Posted: August 2, 2017

Threat Metric

Threat Level: 8/10
Infected PCs: 2,059
First Seen: August 2, 2017
Last Seen: May 29, 2023
OS(es) Affected: Windows

The Sifreli Ransomware is a Turkey-based Trojan that attacks the files of your PC with an encryption routine meant to block them from opening. Having a backup, especially a remotely stored one, can reduce any possible harm from a Sifreli Ransomware infection, and malware experts recommend against using any con artist-endorsed recovery services. Standard anti-malware products may prevent these attacks by blocking and deleting the Sifreli Ransomware initially or remove it afterward to stop any future data loss.

Seemingly Dead Trojans Rising from Their Graves

Like a fruit fly, a Trojan's campaign often has a brief lifespan before its author replaces it with a 'descendant.' While variants using shared code may continue forwards, it's not common for extremely old Trojans to remain active and intact in the same format, years later. Nevertheless, this does appear to be true of the Sifreli Ransomware, a Turkish Trojan that malware experts date back to 2014.

The Sifreli Ransomware's symptoms solely use Turkish to communicate with any victims and portray a picture of file-ransoming behavior similar to that of Hidden Tear or the Globe Ransomware. The Trojan's installation includes transferring statistics on the attack to a Command & Control server (which is now closed) and creating an ID for the victim to use later. It also searches accessible locations, such as your Downloads folder, for documents and other media to block with encryption.

After running any appropriate data through its encryption cipher and adding '.sifreli' (which translates to 'encrypted') to their names, the Sifreli Ransomware creates a pop-up ransom message. The Turkish text gives the victims the ID, an e-mail address for entering into ransom negotiations for their files, and, most interestingly, claims to have committed spyware-related attacks that have collected 'all the information about your company.' Malware analysts can find no features in the Sifreli Ransomware's payload to imply that this last statement is anything other than a bluff.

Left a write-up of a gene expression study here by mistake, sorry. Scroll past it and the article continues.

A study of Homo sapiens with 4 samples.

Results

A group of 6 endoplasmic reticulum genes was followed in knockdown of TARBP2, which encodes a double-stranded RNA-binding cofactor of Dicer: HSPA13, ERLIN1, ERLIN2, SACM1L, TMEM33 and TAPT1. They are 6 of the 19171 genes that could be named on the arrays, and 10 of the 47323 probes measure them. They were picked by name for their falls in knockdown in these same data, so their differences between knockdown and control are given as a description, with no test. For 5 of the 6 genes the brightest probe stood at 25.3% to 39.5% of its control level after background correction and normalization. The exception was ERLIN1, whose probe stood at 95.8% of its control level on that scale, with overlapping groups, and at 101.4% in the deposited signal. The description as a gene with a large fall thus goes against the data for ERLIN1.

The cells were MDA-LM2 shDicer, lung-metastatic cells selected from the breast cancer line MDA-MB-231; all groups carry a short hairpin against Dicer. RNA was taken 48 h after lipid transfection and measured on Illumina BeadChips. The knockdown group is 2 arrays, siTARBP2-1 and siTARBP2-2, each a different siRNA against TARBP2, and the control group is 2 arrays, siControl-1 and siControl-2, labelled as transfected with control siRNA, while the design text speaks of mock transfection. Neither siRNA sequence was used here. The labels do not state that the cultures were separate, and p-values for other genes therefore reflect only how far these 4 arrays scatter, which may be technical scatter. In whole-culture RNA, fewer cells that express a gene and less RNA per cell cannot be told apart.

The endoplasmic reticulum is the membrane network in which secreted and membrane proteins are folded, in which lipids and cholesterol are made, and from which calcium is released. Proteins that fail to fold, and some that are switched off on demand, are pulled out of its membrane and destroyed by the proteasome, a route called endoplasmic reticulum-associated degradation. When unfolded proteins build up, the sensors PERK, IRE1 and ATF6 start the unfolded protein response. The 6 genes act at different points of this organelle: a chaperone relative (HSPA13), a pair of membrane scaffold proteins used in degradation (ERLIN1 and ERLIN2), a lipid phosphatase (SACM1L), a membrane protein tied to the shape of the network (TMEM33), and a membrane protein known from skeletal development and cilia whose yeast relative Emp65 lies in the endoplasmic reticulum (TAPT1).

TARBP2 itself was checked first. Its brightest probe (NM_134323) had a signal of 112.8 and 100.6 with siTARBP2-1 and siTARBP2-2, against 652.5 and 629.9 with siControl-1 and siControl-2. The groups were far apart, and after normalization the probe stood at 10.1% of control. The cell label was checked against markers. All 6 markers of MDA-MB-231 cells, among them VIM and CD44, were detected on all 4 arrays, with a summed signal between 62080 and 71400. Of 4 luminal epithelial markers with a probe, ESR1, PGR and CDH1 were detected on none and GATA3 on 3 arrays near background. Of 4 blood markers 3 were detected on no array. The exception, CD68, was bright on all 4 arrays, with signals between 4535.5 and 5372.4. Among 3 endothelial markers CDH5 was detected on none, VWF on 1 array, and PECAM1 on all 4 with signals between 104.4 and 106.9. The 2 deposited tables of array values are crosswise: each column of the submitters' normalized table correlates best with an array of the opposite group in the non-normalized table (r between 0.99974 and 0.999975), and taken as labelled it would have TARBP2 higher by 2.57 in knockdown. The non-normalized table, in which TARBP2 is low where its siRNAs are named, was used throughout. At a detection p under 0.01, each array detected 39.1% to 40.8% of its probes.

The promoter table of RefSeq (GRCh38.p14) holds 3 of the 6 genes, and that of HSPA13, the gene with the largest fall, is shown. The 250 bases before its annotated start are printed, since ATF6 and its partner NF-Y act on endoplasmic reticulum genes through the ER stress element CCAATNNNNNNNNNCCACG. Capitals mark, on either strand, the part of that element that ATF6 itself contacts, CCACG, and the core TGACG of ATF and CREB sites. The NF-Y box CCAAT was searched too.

Putting the Past Back in Its Rightful Place

The Sifreli Ransomware's surprising age isn't a direct form of protection from the majority of its functions. Although its networking features are non-functional, due to issues with the remote Web infrastructure, the Trojan still displays its pop-ups and enciphers the user's media. Recently renewed distribution of the Sifreli Ransomware also could be an indication that its author or another threat actor plans to update it, although it also may be a matter of happenstance.

Until more details are verifiable, malware experts encourage monitoring infection vectors that are common to Trojans of the same type: email attachments, disguised torrents, fake software updates, and websites using corrupted scripts. The Sifreli Ransomware can damage data on different PCs, regardless of their language settings, and, based on its age, the instructions given in its ransoming message are unlikely to be still accurate. Use professional anti-malware programs for deleting the Sifreli Ransomware in any circumstances, and backups for keeping your media out of an extortion-vulnerable position.

Even though the Trojan industry moves at a fast pace, sometimes, even the oldest programs can turn into new security problems. When that happens, Web surfers may find themselves experiencing hostage situations from the most unexpected of sources, like a patch that turns into a three-year-old Turkish Trojan: the Sifreli Ransomware.